As of the 5pm advisory from the National Hurricane Center, Jose is a hurricane with winds of 90 mph and is moving north at 9 mph.
The NHC has now issued a Tropical Storm Watch from Fenwick Island, Delaware, to Sandy Hook, New Jersey, including Delaware Bay South, and from East Rockaway Inlet, New York, to Plymouth, Massachusetts, including Long Island Sound, Block Island, Martha's Vineyard, and Nantucket.
This includes coastal Connecticut
Tropical Storm Watches are issued when the potential exists for sustained tropical storm winds (winds over 39 mph) within 48 hours.
Although Jose is currently a strong category one hurricane, it doesn’t look particularly impressive at this moment, with a tilted core due to shear and a lack of truly robust convection. The highest winds are confined to a very small section of the system.
Instead of pivoting from model run to model run, I want to once again preach preparation. Prepare as if you will be visited by a weak to moderate tropical storm (wind gusts between 40-60).
As I said the other day, it is important to not just look at the center line when we’re talking about tropical systems. Impacts extend out far from even the cone of uncertainty at times. Today I want to provide more refined points on potential impacts.
Rain—It currently looks like Jose will get close enough to bring rain to much of Connecticut. The European model has been most aggressive bringing rain into the state, with most falling in southern and eastern Connecticut. Still, under any scenario currently on the table, significant *inland* flooding looks unlikely. Currently I expect:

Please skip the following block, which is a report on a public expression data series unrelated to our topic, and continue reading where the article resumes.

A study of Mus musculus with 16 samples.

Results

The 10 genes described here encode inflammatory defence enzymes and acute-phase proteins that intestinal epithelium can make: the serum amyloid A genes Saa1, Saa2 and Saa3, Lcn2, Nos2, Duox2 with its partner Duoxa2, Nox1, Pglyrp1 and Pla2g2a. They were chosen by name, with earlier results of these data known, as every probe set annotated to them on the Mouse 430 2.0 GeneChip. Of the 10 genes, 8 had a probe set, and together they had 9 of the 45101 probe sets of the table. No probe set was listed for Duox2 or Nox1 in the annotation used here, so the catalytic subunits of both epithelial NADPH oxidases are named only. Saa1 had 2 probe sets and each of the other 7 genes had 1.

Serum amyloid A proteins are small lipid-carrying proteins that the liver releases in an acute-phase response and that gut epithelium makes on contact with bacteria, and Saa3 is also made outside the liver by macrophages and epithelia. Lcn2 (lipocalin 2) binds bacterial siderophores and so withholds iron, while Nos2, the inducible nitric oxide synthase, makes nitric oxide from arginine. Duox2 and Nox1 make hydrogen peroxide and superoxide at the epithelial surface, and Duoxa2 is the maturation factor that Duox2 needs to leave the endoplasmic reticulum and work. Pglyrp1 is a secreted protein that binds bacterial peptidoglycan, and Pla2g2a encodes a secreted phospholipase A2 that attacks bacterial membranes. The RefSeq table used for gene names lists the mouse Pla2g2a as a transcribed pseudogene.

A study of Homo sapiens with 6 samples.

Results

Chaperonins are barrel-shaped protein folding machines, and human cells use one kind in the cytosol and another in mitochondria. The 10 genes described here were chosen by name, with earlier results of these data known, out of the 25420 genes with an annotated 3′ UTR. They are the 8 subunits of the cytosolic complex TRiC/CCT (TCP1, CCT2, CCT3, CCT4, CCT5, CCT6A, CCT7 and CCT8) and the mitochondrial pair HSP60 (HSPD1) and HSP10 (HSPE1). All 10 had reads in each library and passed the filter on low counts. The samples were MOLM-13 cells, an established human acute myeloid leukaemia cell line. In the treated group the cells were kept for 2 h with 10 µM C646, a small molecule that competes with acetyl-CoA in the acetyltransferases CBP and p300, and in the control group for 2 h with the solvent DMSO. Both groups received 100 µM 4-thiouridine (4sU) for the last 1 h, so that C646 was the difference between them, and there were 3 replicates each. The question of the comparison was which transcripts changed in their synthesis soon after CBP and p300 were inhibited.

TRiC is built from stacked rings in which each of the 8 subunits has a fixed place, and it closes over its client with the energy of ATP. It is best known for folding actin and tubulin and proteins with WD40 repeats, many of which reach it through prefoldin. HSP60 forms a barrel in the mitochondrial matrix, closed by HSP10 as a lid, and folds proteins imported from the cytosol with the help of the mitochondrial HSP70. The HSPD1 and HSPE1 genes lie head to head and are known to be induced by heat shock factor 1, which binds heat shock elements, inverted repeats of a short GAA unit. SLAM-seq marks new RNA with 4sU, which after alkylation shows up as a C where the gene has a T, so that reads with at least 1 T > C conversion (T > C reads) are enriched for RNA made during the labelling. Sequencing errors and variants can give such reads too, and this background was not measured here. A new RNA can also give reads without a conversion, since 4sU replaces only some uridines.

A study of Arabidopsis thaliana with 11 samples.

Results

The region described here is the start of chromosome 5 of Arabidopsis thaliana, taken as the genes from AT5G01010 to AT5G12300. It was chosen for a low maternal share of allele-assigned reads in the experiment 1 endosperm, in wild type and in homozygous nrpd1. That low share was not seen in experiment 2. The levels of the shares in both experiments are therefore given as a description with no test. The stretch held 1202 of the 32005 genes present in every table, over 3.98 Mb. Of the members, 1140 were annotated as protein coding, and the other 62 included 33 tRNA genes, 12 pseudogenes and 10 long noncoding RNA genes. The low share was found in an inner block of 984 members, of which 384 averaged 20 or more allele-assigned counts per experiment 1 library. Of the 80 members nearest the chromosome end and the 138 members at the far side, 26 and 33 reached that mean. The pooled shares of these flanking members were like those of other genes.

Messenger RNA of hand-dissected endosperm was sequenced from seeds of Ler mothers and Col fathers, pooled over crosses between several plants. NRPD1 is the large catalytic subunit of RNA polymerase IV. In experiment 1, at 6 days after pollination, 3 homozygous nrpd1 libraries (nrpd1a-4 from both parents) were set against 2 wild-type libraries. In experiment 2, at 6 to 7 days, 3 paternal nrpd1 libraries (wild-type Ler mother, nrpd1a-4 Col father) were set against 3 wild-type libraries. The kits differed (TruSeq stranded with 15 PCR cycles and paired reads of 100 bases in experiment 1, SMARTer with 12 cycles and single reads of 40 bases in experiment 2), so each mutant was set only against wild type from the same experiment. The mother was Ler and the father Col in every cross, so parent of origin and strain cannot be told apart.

- .5-1” in NW CT
- 1- 2” in central CT
- 2-4” in coastal sections, with the highest amounts in SE CT
- Gusts between 40-60 mph in SE CT
- Gusts between 40-50 mph along the rest of the shoreline and interior CT, with higher gusts closer to the shore
- This is heavily dependent upon the track and strength of the system.
Coastal Flooding—I’m still a bit uncomfortable talking about this in detail, but I think people at the shore should be prepared for minor to moderate coastal flooding. There remains potential for some beach erosion and rough surf regardless of track. People along the shoreline should not panic, but remain weather aware and begin securing property tonight and Monday.
Currently, there is a bit of a split on when the strongest rain and wind arrive. However, I currently think that we will see showers on Tuesday, with heavier rain by Tuesday night into much of Wednesday. For wind, I expect the onset of stronger winds to happen Tuesday evening through much of Wednesday. This is low confidence. Stay tuned to further shifts for this to be refined. Everyone should anticipate Tuesday and/or Wednesday being impacted.
I wish I could provide a higher confidence forecast across the board but the data just doesn’t allow me to do that right now. This is the time where we refine our forecast, but that should not impact your preparation. Listen to your local officials.
The SCW team will continue to closely monitor Jose. We will be back with updates as necessary. As always, please like, share, and interact with us on our social media--on Facebook to share our discussions, and follow us on Twitter @southernctwx to retweet our posts. Hit the buttons below to join.